Proceedure to change evaporator 1981 300sd

I don't know why I like this car so much but I do, it's a love hate relationship. I have been beating the problems out of this car one at a time and now when I think I am at the end of any thing else that
could go wrong I find that I have no AC. The R12 is all gone suddenly last week. I am in the HVAC business for a living and work with air-conditioning every day but not on cars. I have determined that I have a leak in the evaporator. There is a strong detection of refrigerant coming from inside of the evaporator box. There are no leaks about the expansion valve, I am getting a strong detection from the openings of the evaporator housing and the detector will go off when sampling the air from the vents when the blower is first turned on. I am quite surprised that a copper evaporator could leak but it seems mine is leaking. Not wanting to put more R12 into this car at this time, I have blown out as much mineral oil as possible and replaced it with ester oil then charged with 134a for now the car cools OK but I am sweetening the charge every 3 days to stay cooling. My plan is to replace the evaporator and re-service the system with R12 when the system is leak free. Now to the part I need help with, this looks like a hell of a job, as best I can see the entire insides of the front of the car will have to be removed in order to get at this evaporator. I have looked at my Benz Shop Manuel CD and can find no instruction on this procedure. I am hoping that someone has in print the step by step procedure for this job or If any one has actually changed an evaporator in a 126 body before could they tell me what they can tell me about this job?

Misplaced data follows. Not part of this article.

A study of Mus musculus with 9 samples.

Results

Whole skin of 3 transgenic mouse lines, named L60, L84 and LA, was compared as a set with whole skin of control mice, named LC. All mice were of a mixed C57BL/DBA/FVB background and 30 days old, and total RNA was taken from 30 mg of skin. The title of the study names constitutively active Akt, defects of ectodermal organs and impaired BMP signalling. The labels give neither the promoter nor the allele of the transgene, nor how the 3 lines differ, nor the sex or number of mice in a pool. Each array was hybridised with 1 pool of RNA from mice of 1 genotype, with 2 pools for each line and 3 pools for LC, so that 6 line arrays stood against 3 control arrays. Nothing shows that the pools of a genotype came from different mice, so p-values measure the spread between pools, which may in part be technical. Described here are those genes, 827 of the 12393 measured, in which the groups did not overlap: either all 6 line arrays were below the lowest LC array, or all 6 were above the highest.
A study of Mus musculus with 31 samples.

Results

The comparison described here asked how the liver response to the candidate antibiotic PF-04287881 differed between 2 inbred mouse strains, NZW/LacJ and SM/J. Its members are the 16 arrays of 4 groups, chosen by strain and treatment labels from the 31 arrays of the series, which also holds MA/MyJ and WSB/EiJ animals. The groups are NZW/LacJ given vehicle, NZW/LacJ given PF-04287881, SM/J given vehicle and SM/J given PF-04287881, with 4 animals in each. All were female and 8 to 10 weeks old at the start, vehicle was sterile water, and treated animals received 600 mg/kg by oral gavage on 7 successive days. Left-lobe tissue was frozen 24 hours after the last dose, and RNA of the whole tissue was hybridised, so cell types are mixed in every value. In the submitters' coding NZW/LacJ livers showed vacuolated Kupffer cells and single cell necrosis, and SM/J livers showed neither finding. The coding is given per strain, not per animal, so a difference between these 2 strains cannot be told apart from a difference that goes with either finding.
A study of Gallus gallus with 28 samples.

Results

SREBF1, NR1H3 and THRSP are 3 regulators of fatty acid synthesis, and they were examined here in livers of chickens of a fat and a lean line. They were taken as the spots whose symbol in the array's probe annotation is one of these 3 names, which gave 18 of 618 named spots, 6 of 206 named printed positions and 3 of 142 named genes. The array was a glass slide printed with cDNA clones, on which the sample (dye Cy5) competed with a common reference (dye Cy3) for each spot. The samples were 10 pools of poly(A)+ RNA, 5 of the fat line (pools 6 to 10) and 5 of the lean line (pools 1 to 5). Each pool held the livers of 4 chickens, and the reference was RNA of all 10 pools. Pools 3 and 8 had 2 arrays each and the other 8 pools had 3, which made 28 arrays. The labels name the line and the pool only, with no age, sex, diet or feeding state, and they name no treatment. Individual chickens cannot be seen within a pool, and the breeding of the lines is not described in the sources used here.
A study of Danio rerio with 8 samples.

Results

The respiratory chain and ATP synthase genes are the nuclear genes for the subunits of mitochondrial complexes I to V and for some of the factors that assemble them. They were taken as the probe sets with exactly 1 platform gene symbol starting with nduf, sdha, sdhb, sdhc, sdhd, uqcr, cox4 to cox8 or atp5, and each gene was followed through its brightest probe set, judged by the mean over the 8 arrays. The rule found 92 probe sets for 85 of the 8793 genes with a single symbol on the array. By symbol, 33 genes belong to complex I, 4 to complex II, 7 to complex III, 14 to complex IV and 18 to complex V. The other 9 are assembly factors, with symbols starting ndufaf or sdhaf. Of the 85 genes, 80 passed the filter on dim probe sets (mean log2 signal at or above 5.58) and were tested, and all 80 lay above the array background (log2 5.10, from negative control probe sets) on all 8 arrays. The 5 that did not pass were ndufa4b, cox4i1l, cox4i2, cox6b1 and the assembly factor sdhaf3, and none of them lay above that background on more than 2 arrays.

Any help will be seriously put to good use, Bruce Buchanan
Take a look at the very top of the receiver/dryer. There lives a brass plug that has a small "blow out plug" soldered into its center - which "blew out" on my '80, not too long after its R-12 was recharged. It was resoldered and the R-12 refilled and hasn't acted up since.
I do want to make sure of this diagnosis and will recheck the fuse plug at the receiver before going off the deep end but for now I am trying to get a scope of what is involved with changing this evaporator because for now that's what it looks like it's going to be. By the way I discovered this lack of air conditioning on the test drive I took last week just after putting in my second tranny from the junk yard. Good grief! The good news is the second tranny goes right into 4th ok. Some day I will get every thing to work at once. Bruce
Replacing a 108 heater fan or any halfway modern heater core is a long and tedious job. I have a receipt for replacing the heter fan in my 108 from the PO he had done in 78. 40 hours labour.

In all fairness to MB, is it any easiery to replace a heater core or evaporator on most other cars? Because of where they are located, it isn't ever going to be easy.
As for the blower, I'm not familiar with the 108, but if it takes 40 hours, I agree that sounds like a bad design. On my 116, it's maybe a 2 hour job. You have to take off the right hand lower access panel and remove the glove compartment. But then it's right there in your face, held in by 3 easy to get at screws. That design covers a lot of cars cars, the 450SEL, SE, 6.9, 280SE, 300SD, from 1973 to 1980.

The hack 108 approach is to cut the cowl and replace the fan with one from a Ford Courier. It works I hear, and well.